Speaking to the Texas Oil & Gas Association in July, Chevron Corp. Chief Executive Officer Mike Wirth assured his audience that the global clamor for clean energy “doesn’t mean the end of oil and gas.” On the contrary, Wirth said, the energy business is simply undergoing another of its natural transitions. “We’ll find ways to make oil and gas more efficient, more environmentally benign,” he said. “And it will be a part of the mix, just as biomass and coal are still enormous parts of the mix today.”

To activists alarmed at the urgency of the climate crisis, Wirth’s comments are as out of touch as they are predictable, coming from someone who profits from the status quo. For unlike its rivals in Europe, Chevron is betting its future less on renewable energies such as wind and solar and more on the subterranean stuff derived from hydrocarbons. It’s a multibillion-dollar gamble that would have been even less surprising before the coronavirus reared its spiky head. By eviscerating demand for petroleum products when business and consumer activity suddenly slowed, Covid-19 has shown the world’s biggest oil and gas companies a vision of a bleak future in which they’re neither wanted nor needed.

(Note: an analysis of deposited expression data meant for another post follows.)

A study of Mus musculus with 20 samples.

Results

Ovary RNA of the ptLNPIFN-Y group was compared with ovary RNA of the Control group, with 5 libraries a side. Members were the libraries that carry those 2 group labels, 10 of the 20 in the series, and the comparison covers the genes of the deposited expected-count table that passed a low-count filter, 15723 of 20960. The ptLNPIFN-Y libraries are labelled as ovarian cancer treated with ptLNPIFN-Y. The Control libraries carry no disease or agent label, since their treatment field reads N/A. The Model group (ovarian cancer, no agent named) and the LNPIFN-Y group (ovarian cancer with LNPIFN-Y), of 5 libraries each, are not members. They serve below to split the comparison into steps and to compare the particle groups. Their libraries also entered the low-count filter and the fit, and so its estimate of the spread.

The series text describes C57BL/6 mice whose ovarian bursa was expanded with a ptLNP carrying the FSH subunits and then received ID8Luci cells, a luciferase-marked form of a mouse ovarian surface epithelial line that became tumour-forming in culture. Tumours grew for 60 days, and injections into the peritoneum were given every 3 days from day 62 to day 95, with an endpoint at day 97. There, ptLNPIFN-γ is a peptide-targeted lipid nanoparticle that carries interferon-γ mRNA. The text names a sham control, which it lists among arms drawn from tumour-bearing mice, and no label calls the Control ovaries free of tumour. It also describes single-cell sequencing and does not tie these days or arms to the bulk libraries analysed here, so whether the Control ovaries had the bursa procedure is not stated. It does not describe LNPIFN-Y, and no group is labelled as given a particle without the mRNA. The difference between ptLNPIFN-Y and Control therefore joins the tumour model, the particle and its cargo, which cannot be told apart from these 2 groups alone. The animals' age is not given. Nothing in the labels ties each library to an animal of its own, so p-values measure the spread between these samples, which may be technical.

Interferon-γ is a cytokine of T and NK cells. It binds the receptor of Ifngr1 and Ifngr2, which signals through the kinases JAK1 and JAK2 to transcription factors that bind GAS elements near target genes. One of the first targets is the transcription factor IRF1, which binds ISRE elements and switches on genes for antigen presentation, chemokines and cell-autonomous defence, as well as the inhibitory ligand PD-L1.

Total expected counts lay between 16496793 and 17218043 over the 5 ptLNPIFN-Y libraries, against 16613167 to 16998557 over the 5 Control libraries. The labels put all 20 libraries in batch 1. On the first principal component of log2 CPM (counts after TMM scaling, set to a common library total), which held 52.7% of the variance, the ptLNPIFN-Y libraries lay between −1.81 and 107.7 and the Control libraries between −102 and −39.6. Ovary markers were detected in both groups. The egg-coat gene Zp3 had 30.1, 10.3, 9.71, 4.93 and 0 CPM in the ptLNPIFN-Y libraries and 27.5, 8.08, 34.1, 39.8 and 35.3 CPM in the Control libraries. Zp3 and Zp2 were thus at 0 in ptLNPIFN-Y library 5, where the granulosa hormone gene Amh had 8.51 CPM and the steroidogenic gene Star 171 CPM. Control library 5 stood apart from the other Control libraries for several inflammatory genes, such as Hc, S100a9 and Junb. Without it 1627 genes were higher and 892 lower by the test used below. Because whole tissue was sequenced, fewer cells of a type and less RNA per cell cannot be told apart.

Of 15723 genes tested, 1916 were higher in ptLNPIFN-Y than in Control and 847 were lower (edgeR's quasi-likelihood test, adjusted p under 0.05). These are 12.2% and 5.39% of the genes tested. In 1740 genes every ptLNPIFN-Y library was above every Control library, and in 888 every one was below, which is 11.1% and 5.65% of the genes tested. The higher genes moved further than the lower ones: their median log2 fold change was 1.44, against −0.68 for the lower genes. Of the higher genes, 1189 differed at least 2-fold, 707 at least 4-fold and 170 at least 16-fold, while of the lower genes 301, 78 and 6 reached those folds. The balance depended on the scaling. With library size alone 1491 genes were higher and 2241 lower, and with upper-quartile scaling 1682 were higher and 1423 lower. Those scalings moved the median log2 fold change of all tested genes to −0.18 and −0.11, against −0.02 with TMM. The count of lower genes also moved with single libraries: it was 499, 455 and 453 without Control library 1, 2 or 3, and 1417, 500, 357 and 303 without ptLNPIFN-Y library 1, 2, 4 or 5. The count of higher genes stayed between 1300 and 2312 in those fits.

A chastened BP Plc responded on Aug. 4 by announcing dramatic steps to address climate change, including an unexpected vow to reduce oil and gas production 40% over the next decade; CEO Bernard Looney said the strategy was “amplified by Covid.” In sharp contrast, Exxon Mobil Corp. has reiterated its commitment to being oil’s last man standing decades from now. Chevron, for all of Wirth’s prognosticating about crude’s bright future, is pursuing a more nuanced path that embraces something frequently alien to Big Oil: flexibility.

Wirth cut Chevron’s capital spending to half what it was in 2014 and shifted its focus to shale. Although drilling in shale can be more pricey than conventional oil extraction, it also produces energy more quickly. Wells can be drilled and crude flowing within weeks, vs. 5 to 10 years for offshore platforms or liquefied natural gas terminals. Shale wells also can be shut down quickly when falling prices dictate—as they were when oil dropped below zero dollars per barrel in April, and some producers had to pay buyers to take crude off their hands because there was no room to store it. Other supermajors have expanded their shale production, but none has been as aggressive as Chevron. It’s now the biggest producer in West Texas’ prodigious Permian Basin.